Martin Lopatka
The Nature Conservancy; Creative Commons

Folks, since 1937 Kansas has had a Noxious Weed law.  Among those on the Most (not) Wanted list are some fearful dangers:  Kudzu, Bindweed, Canada and other Thistles, Russian Knapweed, Bur Ragweed, Pignut, Johnsongrass and Sericea Lespedeza.

A Johnson County extension agent recently warned:  weeds are prolific, and in no time “the neighbors, the vacant lots and even the street corners give way to these weeds.”  He also noted:  “Another characteristic of noxious weeds is their ability to adapt.”

These words remind me of what Richard Mabey wrote in his book, Weeds: In Defense of Nature’s Most Unloved Plants:  “The Twentieth Century, with its global trade and world wars and ubiquitous paranoia, brought with it not just new weeds, but new conceptions of what weeds might be, and do.  Weed anxiety took root.  The vagabond plants were not seen not just as nuisances, but as actively dangerous.”

Folks, the language for weeds is eerily similar to the language for immigrants.  Unwanted plants and unwanted people, it seems, thrive where others don’t want to be, where it's too dry, too wet, too cold, or too warm.  They adapt, take root, take over.  They also thrive where we don't want them, multiply too quickly, take up too much space and too many resources.  They crowd out what is more valuable.  They are hard to get rid of.  They are vigorous and aggressive, and dangerous.  This is the thinking, anyway.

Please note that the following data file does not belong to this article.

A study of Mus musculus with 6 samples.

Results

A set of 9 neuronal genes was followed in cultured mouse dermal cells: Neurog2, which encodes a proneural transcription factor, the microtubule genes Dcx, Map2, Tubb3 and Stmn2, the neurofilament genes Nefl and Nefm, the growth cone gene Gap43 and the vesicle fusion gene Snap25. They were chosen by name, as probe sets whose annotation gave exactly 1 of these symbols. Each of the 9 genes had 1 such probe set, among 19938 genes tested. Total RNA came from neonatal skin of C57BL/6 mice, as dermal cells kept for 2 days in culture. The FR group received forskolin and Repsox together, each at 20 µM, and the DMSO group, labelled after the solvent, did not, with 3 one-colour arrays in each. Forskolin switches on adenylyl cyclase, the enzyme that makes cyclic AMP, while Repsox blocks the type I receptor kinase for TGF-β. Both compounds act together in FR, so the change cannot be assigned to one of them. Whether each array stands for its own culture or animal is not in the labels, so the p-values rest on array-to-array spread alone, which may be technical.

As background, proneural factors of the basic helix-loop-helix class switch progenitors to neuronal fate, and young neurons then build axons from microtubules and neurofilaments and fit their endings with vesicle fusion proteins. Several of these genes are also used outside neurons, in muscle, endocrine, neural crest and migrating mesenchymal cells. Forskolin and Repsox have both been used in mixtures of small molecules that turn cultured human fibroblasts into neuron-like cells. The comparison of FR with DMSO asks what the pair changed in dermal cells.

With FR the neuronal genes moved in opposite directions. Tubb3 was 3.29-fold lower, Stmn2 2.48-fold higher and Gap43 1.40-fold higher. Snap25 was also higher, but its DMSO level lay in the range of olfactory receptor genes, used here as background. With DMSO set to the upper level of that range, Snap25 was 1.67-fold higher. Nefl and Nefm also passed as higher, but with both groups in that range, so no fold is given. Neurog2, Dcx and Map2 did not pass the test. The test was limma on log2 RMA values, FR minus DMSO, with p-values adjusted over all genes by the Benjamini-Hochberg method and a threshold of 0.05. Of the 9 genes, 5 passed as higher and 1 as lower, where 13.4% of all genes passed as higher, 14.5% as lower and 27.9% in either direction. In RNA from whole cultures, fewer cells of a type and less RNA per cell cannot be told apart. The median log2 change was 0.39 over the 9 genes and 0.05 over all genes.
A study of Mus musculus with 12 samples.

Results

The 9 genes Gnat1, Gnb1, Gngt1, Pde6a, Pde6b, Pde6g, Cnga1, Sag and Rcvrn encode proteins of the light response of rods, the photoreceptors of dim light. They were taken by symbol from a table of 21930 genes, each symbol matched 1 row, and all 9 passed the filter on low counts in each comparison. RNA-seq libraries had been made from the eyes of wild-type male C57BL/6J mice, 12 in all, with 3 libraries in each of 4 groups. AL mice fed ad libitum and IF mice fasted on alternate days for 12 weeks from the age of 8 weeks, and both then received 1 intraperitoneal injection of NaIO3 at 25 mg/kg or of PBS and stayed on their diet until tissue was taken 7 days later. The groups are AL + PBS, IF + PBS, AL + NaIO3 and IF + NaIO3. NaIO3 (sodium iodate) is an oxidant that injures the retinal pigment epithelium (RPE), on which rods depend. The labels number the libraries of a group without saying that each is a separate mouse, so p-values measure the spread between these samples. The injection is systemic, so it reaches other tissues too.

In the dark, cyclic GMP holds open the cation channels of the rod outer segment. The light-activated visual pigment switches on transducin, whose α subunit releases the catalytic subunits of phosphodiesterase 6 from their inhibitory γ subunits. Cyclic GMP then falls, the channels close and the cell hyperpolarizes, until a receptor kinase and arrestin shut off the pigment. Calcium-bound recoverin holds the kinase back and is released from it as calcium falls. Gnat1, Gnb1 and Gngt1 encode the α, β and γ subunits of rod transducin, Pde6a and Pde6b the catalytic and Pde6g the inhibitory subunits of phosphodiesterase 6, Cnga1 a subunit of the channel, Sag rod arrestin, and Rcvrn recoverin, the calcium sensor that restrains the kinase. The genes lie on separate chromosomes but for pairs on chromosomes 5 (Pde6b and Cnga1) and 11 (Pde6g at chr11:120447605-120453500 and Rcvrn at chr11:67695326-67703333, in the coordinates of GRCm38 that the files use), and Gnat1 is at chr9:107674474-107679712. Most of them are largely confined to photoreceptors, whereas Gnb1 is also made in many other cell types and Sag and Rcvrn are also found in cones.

So yes, as against Noxious Weeds, laws are passed against people.  Plants are hunted down, pulled up, sprayed, flattened, uprooted, even bulldozed.  Non-native people are forced to prove citizenship, to have identification at polling places, in schools, and at social service agencies.  They are banished from our borders, parents separated from children in our zeal to keep our land pristine for natives.

But in Kansas, immigration has always been an economic engine.  Historically, we’ve been recruiters, inviting people from the eastern states after the Civil War, from Germany when the Santa Fe and Union Pacific railroads had land to sell, from Mexico during that same rail boom, from Eastern Europe to work in Southeast Kansas mines, from Latin America for oil and gas, from Vietnam and South America and Africa to work in meat packing plants.  These people were no more dangerous than Turkey Red Winter Wheat, another immigrant.  We’ve brought in clovers, sorghum, alfalfas, soybeans and all sorts of valuable non-native plants.  Do we fear them?  No. 

My advice:  don’t base laws on fears, base them on realities.  The green of winter wheat, the brown face in the small town café.  Neither is noxious.  Both should be welcome.  Both help make Kansas what it is.